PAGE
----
With the football season over prematurely due to the Coronavirus Pandemic I’m in the unusual position of actually having this blog up to date! So to keep the content coming, and for something to do, I’ll do some old grounds and games where there’s a story to tell.
Saturday 19th February 2011 ko 15.00
Midland Combination Division Two
CADBURY ATHLETIC RESERVES 0
LEAMINGTON HIBERNIAN 1 (Jahmal Clarke 47p)
Now if you were to ask a less experienced groundhopper where Cadbury Athletic play they’d probably tell you at the Triplex Sports & Social Club, Kings Norton in Birmingham. You’d be technically correct but it certainly isn’t the club’s spiritual home- but ticking off the Bournville Recreation does tend to polarise the brethren of the groundhoppers.
You could do happily set yourself a groundhopping project to do the model villages set up by Quaker families. There’s the now demolished Fry Club, in Somerdale near Keynsham and its replacement nearby, or Titus Salt’s Saltaire, or Robert Owen’s New Lanark, but for me George Cadbury’s Bourneville is the most intriguing of them.
In the 19th Century the Industrial Revolution saw rapid expansion and industrialisation. In other places that led to dreadful working and living conditions but in Birmingham George Cadbury created Bournville to – ‘Alleviate the evils of modern cramped living conditions’. By 1900, the estate included 313 cottages and houses set on 330 acres (1.3 km2) of land.
Quaker model villages seem to have two things in common, firstly that being teetotallers alcohol was banned, and over a century later there are still no pubs in Bourneville. There was also a onus on the health-giving properties of fresh air and exercise so sports grounds were laid out and they tended to be rather good, and Cadbury is superb.
At this point I should recommend you visit Cadbury World next door, and at this point I’m sure my wife Robyn is now eyeing up what you could call the “Chocolate Double.” I didn’t try it, but I suspect it would be straightforward enough.
The Bourneville Recreation Ground dates from 1896 and the pavilion, originally for cricket, from 1902. It was gift to Bournville Cricket Club to commemorate the coronation of King Edward VII, and is a Grade II listed building. And therein lies Cadbury Athletic’s problem with the place.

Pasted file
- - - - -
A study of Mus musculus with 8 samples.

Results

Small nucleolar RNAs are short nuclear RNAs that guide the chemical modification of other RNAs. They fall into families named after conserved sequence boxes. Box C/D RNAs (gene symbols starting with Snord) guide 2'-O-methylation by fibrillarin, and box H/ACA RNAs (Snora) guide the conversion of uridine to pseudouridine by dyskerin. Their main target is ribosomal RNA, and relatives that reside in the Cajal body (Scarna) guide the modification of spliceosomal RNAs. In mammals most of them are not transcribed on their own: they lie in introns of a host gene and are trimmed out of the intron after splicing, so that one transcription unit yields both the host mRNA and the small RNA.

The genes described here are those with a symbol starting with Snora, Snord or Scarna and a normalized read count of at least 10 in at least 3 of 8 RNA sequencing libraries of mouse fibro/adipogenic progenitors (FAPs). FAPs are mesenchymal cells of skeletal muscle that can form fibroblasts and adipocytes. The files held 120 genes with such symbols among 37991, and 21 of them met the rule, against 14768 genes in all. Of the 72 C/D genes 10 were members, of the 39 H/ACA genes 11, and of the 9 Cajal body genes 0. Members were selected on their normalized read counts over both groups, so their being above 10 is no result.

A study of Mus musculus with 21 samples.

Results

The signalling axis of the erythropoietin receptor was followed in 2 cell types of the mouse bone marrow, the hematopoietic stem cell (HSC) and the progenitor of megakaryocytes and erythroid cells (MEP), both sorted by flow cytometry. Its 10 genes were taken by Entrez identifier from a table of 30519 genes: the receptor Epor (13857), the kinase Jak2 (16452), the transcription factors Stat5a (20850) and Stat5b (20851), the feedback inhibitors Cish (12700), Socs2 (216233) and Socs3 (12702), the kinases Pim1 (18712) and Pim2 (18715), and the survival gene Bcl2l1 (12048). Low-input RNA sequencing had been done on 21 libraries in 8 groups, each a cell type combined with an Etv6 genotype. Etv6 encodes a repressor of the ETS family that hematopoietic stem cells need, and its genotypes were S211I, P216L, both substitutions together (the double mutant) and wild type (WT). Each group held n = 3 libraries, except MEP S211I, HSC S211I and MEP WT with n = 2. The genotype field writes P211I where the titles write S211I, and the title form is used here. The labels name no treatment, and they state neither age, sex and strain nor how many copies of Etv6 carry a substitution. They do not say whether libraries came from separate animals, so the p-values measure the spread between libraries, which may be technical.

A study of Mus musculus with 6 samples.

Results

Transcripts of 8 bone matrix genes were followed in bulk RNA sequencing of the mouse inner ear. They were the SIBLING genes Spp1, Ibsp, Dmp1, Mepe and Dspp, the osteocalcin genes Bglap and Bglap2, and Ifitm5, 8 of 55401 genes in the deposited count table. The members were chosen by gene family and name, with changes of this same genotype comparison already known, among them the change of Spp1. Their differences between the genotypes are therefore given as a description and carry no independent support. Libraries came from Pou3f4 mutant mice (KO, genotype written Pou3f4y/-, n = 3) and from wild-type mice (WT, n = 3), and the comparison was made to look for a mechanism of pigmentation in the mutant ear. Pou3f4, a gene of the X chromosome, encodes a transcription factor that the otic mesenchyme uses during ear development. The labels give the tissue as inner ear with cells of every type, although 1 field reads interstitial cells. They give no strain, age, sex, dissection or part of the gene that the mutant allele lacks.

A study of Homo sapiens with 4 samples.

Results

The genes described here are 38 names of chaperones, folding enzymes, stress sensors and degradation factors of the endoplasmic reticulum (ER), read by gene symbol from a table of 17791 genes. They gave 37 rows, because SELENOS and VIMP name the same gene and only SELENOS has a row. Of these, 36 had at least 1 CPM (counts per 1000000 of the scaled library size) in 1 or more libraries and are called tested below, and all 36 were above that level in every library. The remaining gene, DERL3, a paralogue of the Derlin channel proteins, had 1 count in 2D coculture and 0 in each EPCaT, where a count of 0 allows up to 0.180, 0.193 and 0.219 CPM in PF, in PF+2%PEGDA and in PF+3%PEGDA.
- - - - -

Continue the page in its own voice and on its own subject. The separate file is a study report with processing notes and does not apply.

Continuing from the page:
The ground is neither fully enclosed nor floodlit and it never can be, so from 2004 the first XI have played at either Alvechurch’s Lye Meadow or at Triplex. The latter became Cadbury’s first XI’s home permanently soon after Pilkington XXX folded in 2016.
So if you want to see a game in Bourneville you either wait for a County Cup game or you watch the reserves. To be honest watching reserves doesn’t worry me, as child I grew up watching Oxford United’s reserves- Dad couldn’t afford to get me into first team games. But when one very well-known groundhopper found out what I was he got rather hot under the collar about it!
So what is it like? In a word magical, and yes, even on a drizzly day the smell of chocolate lingers everywhere. I’ve heard it said that chocolate is addictive, so perhaps that’s why I fancied a hot chocolate at half time. To my surprise and amusement they didn’t stock the stuff. Perhaps they’d had enough chocolate to last a lifetime!
These days Cadbury Athletic Reserves play in the Midland League’s Reserve League, you may remember Robyn and I watching them play in a final at the Birmingham FA Ground in 2016. Home games are still played though in Bourneville in this wonderful slice of British social, industrial and sporting history. I can’t recommend the place highly enough.